Urban Excursions Connect the Classroom to the Wider World

Zora DeSeignora ’23, Spanish and Communications
Large group of Widener students standing in front of a colorful mural in Harlem.
Students on a spring Urban Excursion trip to Harlem and Manhattan stand in front of a colorful New York City mural.

Widener University provides students with numerous opportunities to explore new places and enriching destinations. From study abroad to local seminars and university-sponsored outings, students have many chances to experience hands-on excursions that help them build connections and bring the lessons of the classroom into focus for real life. 

One of these opportunities comes in the form of trips made possible through urban excursion grants. This grant program made available to Widener faculty allows professors to take their students on daylong trips to a metropolitan area. The trips allow for deeper engagement in a class subject and provide hands-on learning opportunities directly linked to the mission of a class. They also strengthen the bonds between students, their peers, and faculty, and they help put students on the inside track to success, because they provide a compelling connection between classroom curriculum and the world outside campus. 

This spring, I attended an urban excursion trip to Harlem and the lower eastside of Manhattan in New York City, organized by Associate Professor Robin Golberg-Glen. The trip was an incredible experience for me and my classmates to learn about Black history and the stories of immigrant and migrant experiences through tours of the tenement buildings at the Tenement Museum.  We also had lunch at Sylvia’s Restaurant in Harlem.

Student taking a photo of friends outside a restaurant in New York City.
The author, Zora DeSeignora '23, taking a photo outside the iconic Sylvia's Restaurant in Harlem.

At the Tenement Museum, we were split into groups and taken into different areas. My group was taken to the upper level where we learned about two specific families as we discussed the Puerto Rican and Chinese immigrants who lived in those spaces in the 1960s and 70s. We could pick up or touch many of the items in the museum and they would explain what each item represented and what it was about.

For example, in the display of the sewing factory, when we pressed buttons on the sewing machines, they would explain the work and activities that were done in the sewing factory in the 1960s and 70s. Our tour guide informed us that many of these stories were told by the adults who used to live in the building as children. The museum layout was inspired by their memories, including how their homes were set up. The most interesting aspect of the museum was hearing their stories about coming to the United States and having to adjust to the culture change. It was inspiring to hear about all the obstacles they overcame.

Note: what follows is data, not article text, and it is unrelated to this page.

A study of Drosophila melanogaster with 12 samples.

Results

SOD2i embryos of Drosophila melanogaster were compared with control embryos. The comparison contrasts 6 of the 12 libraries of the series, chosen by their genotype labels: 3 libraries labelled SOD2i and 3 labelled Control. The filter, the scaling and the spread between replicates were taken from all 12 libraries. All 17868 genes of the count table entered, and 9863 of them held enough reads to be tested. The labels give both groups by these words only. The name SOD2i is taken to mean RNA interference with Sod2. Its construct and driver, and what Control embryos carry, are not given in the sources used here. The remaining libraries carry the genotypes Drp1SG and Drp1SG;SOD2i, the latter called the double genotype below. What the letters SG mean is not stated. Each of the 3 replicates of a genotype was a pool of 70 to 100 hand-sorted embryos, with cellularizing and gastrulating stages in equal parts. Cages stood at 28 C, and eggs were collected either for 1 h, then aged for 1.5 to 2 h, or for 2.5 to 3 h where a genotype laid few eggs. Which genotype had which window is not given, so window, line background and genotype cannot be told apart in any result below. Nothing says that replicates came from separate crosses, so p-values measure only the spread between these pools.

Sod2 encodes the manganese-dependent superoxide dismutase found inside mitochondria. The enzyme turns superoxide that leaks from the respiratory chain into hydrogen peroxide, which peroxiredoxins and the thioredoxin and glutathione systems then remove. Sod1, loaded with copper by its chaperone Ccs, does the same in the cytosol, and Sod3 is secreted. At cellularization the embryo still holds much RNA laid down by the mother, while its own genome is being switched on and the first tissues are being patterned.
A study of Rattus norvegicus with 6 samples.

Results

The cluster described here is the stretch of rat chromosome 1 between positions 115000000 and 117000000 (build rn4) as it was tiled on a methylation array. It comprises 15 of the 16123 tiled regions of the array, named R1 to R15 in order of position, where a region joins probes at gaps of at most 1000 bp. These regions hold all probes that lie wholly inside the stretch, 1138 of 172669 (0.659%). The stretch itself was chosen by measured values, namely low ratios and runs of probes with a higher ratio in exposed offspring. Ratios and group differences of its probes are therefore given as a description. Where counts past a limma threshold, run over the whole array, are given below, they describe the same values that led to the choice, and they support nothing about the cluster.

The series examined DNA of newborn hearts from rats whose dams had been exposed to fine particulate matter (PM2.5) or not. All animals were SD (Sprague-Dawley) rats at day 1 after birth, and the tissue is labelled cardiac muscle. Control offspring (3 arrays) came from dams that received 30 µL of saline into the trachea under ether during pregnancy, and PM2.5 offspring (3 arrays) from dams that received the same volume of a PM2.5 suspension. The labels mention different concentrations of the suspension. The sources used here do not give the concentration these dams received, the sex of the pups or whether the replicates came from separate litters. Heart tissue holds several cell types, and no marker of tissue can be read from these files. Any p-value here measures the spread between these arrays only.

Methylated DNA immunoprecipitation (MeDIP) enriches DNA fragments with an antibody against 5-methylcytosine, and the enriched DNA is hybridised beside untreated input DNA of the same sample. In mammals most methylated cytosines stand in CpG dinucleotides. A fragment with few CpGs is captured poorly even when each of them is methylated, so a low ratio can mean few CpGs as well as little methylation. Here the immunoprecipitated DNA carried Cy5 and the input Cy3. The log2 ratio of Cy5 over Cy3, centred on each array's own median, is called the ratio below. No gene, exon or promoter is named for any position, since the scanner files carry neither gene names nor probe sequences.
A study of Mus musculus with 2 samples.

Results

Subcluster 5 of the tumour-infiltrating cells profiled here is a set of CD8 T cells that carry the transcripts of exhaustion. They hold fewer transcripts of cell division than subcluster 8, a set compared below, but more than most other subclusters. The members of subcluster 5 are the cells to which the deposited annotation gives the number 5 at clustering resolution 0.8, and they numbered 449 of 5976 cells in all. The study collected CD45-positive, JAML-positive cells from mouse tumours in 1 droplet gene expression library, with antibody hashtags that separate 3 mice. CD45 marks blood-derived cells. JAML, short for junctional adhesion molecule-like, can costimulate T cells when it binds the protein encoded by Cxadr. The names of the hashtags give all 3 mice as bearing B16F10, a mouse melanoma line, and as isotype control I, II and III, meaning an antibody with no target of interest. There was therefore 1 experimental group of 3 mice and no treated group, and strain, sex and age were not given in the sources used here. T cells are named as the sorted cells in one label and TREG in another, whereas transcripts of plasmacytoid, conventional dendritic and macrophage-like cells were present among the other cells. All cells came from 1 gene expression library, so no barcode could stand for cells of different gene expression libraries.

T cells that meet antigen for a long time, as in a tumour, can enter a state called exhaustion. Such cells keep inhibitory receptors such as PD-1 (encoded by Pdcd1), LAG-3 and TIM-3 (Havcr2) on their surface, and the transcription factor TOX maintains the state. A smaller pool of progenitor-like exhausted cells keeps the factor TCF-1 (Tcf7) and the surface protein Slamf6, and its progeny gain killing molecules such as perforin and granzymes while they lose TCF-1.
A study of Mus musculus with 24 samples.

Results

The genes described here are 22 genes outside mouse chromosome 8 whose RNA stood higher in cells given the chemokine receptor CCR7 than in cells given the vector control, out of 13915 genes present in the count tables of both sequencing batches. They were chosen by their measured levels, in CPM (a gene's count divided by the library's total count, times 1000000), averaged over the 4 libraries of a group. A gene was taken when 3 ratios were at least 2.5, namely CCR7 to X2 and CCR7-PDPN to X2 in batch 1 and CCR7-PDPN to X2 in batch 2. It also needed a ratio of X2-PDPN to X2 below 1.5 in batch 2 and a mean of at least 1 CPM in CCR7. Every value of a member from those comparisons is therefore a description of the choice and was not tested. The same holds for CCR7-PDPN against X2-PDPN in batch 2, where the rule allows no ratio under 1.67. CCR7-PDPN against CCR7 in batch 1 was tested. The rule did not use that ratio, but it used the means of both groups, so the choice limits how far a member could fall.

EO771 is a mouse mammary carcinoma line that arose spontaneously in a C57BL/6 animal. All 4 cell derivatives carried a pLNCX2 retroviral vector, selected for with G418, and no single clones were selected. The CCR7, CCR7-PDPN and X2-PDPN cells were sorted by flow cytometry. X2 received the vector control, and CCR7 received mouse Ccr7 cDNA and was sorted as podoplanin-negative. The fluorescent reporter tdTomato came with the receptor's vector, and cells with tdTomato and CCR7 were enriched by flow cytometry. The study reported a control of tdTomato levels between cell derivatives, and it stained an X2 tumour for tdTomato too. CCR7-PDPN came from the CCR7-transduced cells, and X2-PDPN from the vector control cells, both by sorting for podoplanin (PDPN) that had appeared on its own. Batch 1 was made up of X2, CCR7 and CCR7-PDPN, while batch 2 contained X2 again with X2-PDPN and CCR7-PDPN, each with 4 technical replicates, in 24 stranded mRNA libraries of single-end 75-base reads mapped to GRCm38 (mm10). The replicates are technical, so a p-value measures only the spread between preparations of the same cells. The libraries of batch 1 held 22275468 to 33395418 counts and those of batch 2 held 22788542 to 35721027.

Students walking under the Apollo Theatre marquee
Students walk under the marquee at the world-famous Apollo Theatre in Harlem.

After the Tenement Museum, we went on a tour of Harlem and were able to see some famous sites, like the Apollo Theater. Our tour guide quizzed us and educated us on famous African American singers and artists such as Ella Fitzgerald, Billie Holiday, Lauren Hill, and Luther Vandross. It was exciting getting to take a picture of the back door where many of the celebrities enter the theater. Also, one of my favorite parts was seeing all the large murals in the city of Harlem and the creativity that each of them displayed. 

This urban excursion was a great experience. I had never been to Harlem and having this opportunity to grow and learn about things that I could take home, process, and apply in the classroom was wonderful.

As a Spanish and communication studies double major, I learn a lot in class about culture, studying and understanding history, and other people’s stories. This trip allowed me to apply everything I am learning in the classroom and connect it with the outside world. I’m grateful for this one-of-a-kind learning experience that Widener made possible.